Solar Energy Facts For Kids In New Zealand

Solar energy facts for kids in New Zealand are considered unnecessary by some. When winter hovers over New Zealand, it may seem that day after day is cloudy and grey – especially in some parts of New Zealand. On such days, it is difficult to imagine that solar energy could supply enough electricity for a New Zealand home. Most areas of New Zealand, however, have plenty of solar energy that can be harnessed.

Solar energy can be calculated with a map such as the one on the Sun Wize website. This is called a world solar insolation map. “Insolation” means it is exposed to the sun’s rays. The map shows how many hours of each day a country is exposed to the sun’s rays – in the worst month of the year. In other words, the map shows how much solar energy the country gets each day.

When you find New Zealand on a world solar insolation map, you will see that most of the country gets between 3 and 5 hours of solar energy each day. Remember that 3 to 5 hours is the amount of solar energy in the worst month! On average, counting good and bad days, New Zealand gets approximately 2000 hours of bright sunshine each year.

Solar Energy Facts for Kids

Solar energy facts for kids might include many things, depending on the age of the children involved. A small child of 6 years might understand only simple concepts such as the heat generated by solar energy. Older children of 14 to 17 can grasp the technology of solar panels and generators, and how they convert solar energy to electrical power.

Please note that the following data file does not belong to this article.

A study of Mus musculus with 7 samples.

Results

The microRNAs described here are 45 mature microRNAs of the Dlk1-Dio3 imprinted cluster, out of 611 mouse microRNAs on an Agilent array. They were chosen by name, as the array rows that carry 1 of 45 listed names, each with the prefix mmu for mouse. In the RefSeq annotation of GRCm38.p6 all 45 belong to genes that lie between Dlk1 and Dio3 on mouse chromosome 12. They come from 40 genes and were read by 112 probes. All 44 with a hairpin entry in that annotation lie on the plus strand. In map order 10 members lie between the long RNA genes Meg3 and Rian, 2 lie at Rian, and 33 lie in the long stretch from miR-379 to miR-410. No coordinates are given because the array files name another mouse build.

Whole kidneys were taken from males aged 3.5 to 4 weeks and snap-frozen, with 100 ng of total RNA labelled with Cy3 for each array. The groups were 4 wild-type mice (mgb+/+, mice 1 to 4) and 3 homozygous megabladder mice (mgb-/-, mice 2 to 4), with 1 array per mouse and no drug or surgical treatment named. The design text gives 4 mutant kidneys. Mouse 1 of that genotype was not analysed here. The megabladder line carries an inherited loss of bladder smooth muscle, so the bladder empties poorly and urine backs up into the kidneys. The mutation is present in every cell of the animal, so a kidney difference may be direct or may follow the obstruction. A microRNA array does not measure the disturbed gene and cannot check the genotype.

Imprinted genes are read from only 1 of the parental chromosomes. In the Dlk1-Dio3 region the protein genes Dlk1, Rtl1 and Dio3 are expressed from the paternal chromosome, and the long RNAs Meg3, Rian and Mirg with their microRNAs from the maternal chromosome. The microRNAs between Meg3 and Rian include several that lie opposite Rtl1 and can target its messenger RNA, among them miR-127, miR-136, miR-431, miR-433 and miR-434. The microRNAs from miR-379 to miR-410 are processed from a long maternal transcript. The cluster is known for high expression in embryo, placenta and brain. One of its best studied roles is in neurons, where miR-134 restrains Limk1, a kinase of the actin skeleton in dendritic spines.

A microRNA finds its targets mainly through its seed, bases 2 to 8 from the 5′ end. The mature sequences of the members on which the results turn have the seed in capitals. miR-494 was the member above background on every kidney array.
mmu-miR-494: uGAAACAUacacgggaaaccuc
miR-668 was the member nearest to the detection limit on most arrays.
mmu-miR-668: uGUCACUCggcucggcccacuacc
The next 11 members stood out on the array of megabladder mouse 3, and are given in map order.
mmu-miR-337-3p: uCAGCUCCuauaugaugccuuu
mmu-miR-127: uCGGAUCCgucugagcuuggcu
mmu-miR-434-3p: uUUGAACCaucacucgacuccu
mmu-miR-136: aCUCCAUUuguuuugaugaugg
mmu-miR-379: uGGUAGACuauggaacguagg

We will not attempt to sort the following facts by age or importance, but simply present them as a collection of ideas to be explored.

* In New Zealand, a solar energy water heating system can save as much as 75 per cent of your family’s water heating costs.

* The word “photovoltaic” comes 2 words. “Photo” refers to light and “voltaic” refers to electricity. A photovoltaic array system changes solar energy collected from sunlight into electricity.

* Cover the roofs of every New Zealand home in photovoltaic (PV) panels, and together they would convert enough solar energy into power each year to supply more than 25 per cent of New Zealand’s needed electricity.

* Solar energy can provide the total electricity needed by a normal three bedroom New Zealand home that is energy efficient.

* Solar energy is quiet, easy to install, and needs little upkeep from the New Zealand home owner.

* Any New Zealand child can, with a little help, build a solar energy stove to cook a small banger.

* Solar energy has been used for many years by New Zealand mums to dry clothing outdoors.

* Germany, a country that is much cloudier than New Zealand, converts solar energy into electricity more than any other country does.

* Solar energy is greater than you might think on cloudy days, since the sunlight that gets through reflects off the bottoms of the clouds.

* Solar energy can turn ocean water into healthy drinking water.

* Solar energy can be used on boats and ships around New Zealand.

* Solar energy is absolutely free to New Zealanders. No other country can charge money for it.

Suggestion for New Zealand teachers: Have a contest to see which group of students can discover the most solar energy facts for kids. Younger children will have fun simply listing solar energy facts for kids. Older students might be required to expand each discovery statement.

Disclaimer: The author receives no compensation from any company mentioned in this article. The information is presented solely for educational purposes.